The newly awarded grant will build upon the efforts of phase 1, the foundation of a research infrastructure, which consisted of several different innovative projects aimed at understanding commonalities of neurodegenerative disorders.
Jefferson Kinney, PhD
Recently, the National Institute of General Medical Sciences (NIGMS) of the National Institutes of Health (NIH) awarded a $11.3 million grant to continue funding a collaboration between the Cleveland Clinic Lou Ruvo Center for Brain Health and University of Nevada, Las Vegas (UNLV) dedicated to enhancing neuroscience research infrastructure.1
The grant will fund phase 2 of southern Nevada’s first Center of Biomedical Research Excellence (COBRE) award, continuing to build on the efforts of their shared Center for Neurodegeneration and Translational Neuroscience (CNTN). They plan on establishing this research infrastructure through basic and clinical research, all while supporting junior investigators interested in developing innovative approaches that help improve the understanding of neurodegenerative disorders.
Building upon the efforts of phase 1, phase 2 of the CNTN will focus on developing the resources and processes necessary to achieve long-term sustainability, which includes:
The phase 2 award is led by Aaron Ritter, MD, of the Lou Ruvo Center, and Jefferson Kinney, PhD, of UNLV. Kinney told NeurologyLive® that phase 1 was a "remarkable success," adding that “not only were we able to build this infrastructure, which had a number of good findings and great publications, but also the development of a well-characterized cohort of patients that we’re able to follow longitudinally. That will continue now in phase 2."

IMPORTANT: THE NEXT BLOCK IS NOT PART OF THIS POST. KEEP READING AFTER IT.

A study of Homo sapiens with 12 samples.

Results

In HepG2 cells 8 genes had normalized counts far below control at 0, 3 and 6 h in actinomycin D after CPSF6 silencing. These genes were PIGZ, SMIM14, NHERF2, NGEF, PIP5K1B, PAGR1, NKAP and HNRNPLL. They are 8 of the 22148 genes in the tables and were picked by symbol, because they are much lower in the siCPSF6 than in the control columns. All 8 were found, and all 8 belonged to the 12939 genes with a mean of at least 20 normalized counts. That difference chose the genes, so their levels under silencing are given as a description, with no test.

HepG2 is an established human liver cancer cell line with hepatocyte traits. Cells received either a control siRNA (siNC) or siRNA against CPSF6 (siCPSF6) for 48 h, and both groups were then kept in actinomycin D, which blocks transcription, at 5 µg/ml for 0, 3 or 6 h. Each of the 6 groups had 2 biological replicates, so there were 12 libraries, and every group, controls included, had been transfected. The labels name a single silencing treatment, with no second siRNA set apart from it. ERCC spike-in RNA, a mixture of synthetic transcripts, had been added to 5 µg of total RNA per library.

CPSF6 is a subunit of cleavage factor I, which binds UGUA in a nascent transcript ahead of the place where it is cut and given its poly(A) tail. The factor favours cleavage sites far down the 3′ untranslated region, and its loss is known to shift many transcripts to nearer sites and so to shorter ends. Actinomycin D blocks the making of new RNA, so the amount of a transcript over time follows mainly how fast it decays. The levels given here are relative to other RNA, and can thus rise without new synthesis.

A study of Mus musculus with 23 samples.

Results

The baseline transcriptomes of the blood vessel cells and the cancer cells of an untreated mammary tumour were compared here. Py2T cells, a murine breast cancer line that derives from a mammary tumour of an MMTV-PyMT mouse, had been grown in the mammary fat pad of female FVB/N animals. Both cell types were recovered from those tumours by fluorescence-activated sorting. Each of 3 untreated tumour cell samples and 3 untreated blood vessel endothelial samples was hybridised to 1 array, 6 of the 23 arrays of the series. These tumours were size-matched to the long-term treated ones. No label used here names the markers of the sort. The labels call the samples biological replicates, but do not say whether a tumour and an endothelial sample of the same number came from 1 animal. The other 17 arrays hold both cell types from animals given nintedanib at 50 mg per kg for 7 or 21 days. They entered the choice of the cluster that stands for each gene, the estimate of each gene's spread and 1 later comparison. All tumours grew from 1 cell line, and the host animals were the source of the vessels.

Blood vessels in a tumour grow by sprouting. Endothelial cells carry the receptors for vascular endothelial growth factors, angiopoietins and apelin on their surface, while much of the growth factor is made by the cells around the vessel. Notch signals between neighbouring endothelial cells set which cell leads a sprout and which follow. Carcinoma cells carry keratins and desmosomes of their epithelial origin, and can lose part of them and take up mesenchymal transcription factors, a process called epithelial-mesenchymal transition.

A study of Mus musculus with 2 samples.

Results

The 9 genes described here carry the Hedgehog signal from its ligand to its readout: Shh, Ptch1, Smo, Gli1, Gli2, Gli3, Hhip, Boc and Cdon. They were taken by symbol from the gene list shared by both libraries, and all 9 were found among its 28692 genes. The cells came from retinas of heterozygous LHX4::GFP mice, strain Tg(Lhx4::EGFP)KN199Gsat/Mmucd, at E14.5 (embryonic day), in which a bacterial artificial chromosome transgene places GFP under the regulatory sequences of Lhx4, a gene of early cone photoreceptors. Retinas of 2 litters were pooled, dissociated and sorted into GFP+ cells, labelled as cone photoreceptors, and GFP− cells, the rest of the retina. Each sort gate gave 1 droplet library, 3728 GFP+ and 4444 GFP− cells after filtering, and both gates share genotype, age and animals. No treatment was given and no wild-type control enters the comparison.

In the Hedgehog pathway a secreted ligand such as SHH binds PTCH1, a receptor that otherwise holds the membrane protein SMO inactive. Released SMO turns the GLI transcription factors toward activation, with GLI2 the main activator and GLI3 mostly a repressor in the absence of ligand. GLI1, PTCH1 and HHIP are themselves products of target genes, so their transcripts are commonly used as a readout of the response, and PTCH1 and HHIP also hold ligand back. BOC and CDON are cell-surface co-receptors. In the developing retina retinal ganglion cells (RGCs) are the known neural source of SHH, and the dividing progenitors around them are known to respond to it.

Kinney, the founding chair of the department of brain health in the School of Integrated Health Sciences at UNLV, will continue to maintain that cohort with his team, but will add 2 new core resources to enhance research capability. They include an imaging core aspect and expansion of biomarker discovery, which have been a critical aspect of understanding and evaluating neurodegeneration. Phase 2 will look to address some of the questions surrounding the value of certain biomarkers, considering there is no clinically approved diagnostic biomarker for patients with Alzheimer disease (AD).
"If you detect [AD] earlier, interventions become more available and there’s a lot of things you can do," Kinney said. "We’re working with a number of ones that are showing up from several other groups, but we also have a couple of homegrown novel biomarkers that we’re evaluating in this project as well. The hope is that one or more, likely some assembly of a few of these biomarkers, can get to being diagnostically accurate, but also useful to evaluate whether or not a treatment is having an effect in clinical trials."
In addition to leaders who have discrete research projects, the newly integrated pilot program will provide an opportunity for researchers that aren’t part of the center to capitalize on the resources available from the center and continue to ask questions. Researchers at UNLV and at the Lou Ruvo Center will be able to apply for a pilot award, which includes a year of funding to get their project underway. They then become collaborators and part of the network, thus further building out the overall neuroscience research infrastructure.
One of the major focuses of phase 1 included evaluating health disparities. Samantha E. John, PhD, an assistant professor and faculty member at UNLV, will lead a specific project that addresses the questions of these differences in AD. "There are racial and ethnic differences in incidence, progression, and age of onset. It’s understudied, and we all recognize that this needs to be looked at," Kinney said. "Her project is geared towards understanding what these differences are and how they can be addressed."
Looking forward, Kinney believes that this COBRE award model can be a beacon of hope and success for neuroscience research. “This is a grant that is a tremendously good example of an interdisciplinary collaborative research team. We have clinicians, neuropsychologists, imaging experts, and cell and molecular folks like myself,” He stated. "We run across the entire range of capabilities, but when our efforts get pointed in the same direction, we managed to develop a strong research program. The interdisciplinary research theme is what succeeds. This is where great discoveries are coming from."